According to NSF, the merger means GFTC's current members and clients will benefit from a broad array of NSF food safety training, auditing and certification services that include seafood, organic and global food safety certifications and will benefit from a global network of auditors and testing laboratories.
“It’s very important to NSF International, a global public health and safety organization, to have a presence in Canada,” Robert Prevendar, NSF’s global managing director, told NutraIngredients-USA.
“This merger aligns well with NSF International’s strategic growth plans, as it strengthens our service capacity and global reach, significantly increasing our Canadian presence and expanding our food safety auditor team in Canada,” he said.
“This merger enables NSF to offer CanadaGAP, the standard recently re-benchmarked by GFSI (Global Food Safety Initiative) and now makes NSF the largest GFSI certification body worldwide,” Prevendar said.
Long history in Canada
NSF International has been active in Canada for more than 50 years, Prevendar said. Among the services it provides in Canada are:
- Product testing and certification (dietary supplements, certification to GFSI (Global Food Safety Initiative) benchmarked standards
- Management systems registrations (ISO 14001, etc.)
- Organic and gluten-free certification through QAI (Quality Assurance International).
The new organization will be known as NSF-GFTC and will remain based in Guelph, Ontario. The NSF-GFTC team and location will remain in Guelph, Ontario, as will their dedication to helping Canadian farmers, processors and manufacturers remain competitive with innovative solutions to help improve their products and processes. GFTC offers a variety of training and certification programs
The strong trade ties between the two countries augured well for the move, Prevendar said. And even though the regulatory environments have similarities, it makes sense to add Canadian specialists to the staff.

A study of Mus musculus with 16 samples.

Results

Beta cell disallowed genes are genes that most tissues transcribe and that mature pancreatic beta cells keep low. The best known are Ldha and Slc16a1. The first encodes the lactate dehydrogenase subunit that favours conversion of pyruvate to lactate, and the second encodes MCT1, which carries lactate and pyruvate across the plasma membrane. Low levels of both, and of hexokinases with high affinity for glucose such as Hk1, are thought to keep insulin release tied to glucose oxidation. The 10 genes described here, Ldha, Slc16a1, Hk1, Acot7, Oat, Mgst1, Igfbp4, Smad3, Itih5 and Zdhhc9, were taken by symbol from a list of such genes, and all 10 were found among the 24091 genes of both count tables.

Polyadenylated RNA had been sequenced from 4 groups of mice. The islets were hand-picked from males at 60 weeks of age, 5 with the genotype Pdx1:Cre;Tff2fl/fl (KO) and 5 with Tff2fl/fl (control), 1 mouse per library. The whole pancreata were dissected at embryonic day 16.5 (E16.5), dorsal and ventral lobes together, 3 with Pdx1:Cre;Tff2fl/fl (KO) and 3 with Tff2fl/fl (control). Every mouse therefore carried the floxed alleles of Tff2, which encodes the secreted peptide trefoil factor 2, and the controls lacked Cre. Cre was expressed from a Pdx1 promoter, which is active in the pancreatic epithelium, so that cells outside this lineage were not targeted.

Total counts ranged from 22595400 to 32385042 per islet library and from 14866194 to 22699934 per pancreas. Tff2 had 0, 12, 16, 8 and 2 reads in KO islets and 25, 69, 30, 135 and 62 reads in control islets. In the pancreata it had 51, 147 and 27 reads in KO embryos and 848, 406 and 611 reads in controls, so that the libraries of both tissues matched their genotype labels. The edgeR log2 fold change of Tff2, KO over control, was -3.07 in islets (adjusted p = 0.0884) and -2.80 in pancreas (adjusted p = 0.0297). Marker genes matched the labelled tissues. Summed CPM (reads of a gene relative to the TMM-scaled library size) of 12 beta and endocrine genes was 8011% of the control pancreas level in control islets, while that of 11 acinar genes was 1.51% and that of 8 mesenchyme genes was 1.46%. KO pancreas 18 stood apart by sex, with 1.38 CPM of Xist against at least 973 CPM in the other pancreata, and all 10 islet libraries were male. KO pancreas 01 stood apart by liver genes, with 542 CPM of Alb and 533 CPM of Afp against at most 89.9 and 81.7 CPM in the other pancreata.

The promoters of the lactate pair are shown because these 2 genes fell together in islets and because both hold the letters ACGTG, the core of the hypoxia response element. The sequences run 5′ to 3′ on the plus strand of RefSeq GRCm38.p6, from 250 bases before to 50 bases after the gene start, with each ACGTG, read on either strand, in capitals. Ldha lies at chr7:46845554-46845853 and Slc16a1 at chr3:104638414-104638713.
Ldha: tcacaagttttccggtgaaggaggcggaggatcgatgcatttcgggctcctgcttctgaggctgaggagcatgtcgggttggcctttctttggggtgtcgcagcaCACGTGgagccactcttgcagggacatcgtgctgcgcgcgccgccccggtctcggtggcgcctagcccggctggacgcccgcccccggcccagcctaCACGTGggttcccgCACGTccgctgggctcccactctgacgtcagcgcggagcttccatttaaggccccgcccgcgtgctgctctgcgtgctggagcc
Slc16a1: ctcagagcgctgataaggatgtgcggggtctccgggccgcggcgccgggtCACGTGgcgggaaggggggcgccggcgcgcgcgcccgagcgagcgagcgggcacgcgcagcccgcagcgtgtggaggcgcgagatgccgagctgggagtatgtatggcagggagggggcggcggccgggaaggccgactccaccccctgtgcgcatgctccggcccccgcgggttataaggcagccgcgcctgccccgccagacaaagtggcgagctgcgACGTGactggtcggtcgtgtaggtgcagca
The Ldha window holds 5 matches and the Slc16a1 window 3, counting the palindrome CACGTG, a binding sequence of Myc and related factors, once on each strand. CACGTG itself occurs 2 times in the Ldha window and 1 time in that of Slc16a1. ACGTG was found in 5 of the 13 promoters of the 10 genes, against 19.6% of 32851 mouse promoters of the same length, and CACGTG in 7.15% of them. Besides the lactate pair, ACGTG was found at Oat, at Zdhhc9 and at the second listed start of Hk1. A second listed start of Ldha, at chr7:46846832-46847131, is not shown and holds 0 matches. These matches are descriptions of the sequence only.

“The U.S. and Canadian food safety regulations are very similar, both in scope and degree, but there are still minor differences. This merger makes it very helpful to have a Canadian entity that can provide highly focused resources to the local (national) regulations. Given the high degree of food trade between the two countries, and the common ownership of food manufacturing and food retailing, this merger will help serve this very large and growing market very effectively,” Prevendar said.
NSF’s latest announcement is part of a wider picture of consolidation it the dietary supplement and food testing sphere. Companies are seeking to expand their laboratory capabilities or consulting expertise or both. The merger comes on the heels of NSF’s announcement of its acquisition of Lima, Peru-based INASSA Group, a company that does food testing and facility inspections, and has connections with the Peruvian fish oil industry.
In early December, ChromaDex acquired Spherix Consulting, which provides scientific and regulatory consulting. These were services that ChromaDex had been contracting out for itself before the acquisition. The combined company has become a stronger player in the testing and consulting sphere, ChromaDex CEO Frank Jaksch said.
“Toxicology and safety related issues that fringe into GRAS or NDINs. Those are just some of the things that we will be able to offer,” he said.
And in an earlier development, Intertek acquired Ontario-based scientific, regulatory and testing consultancy Cantox in 2010.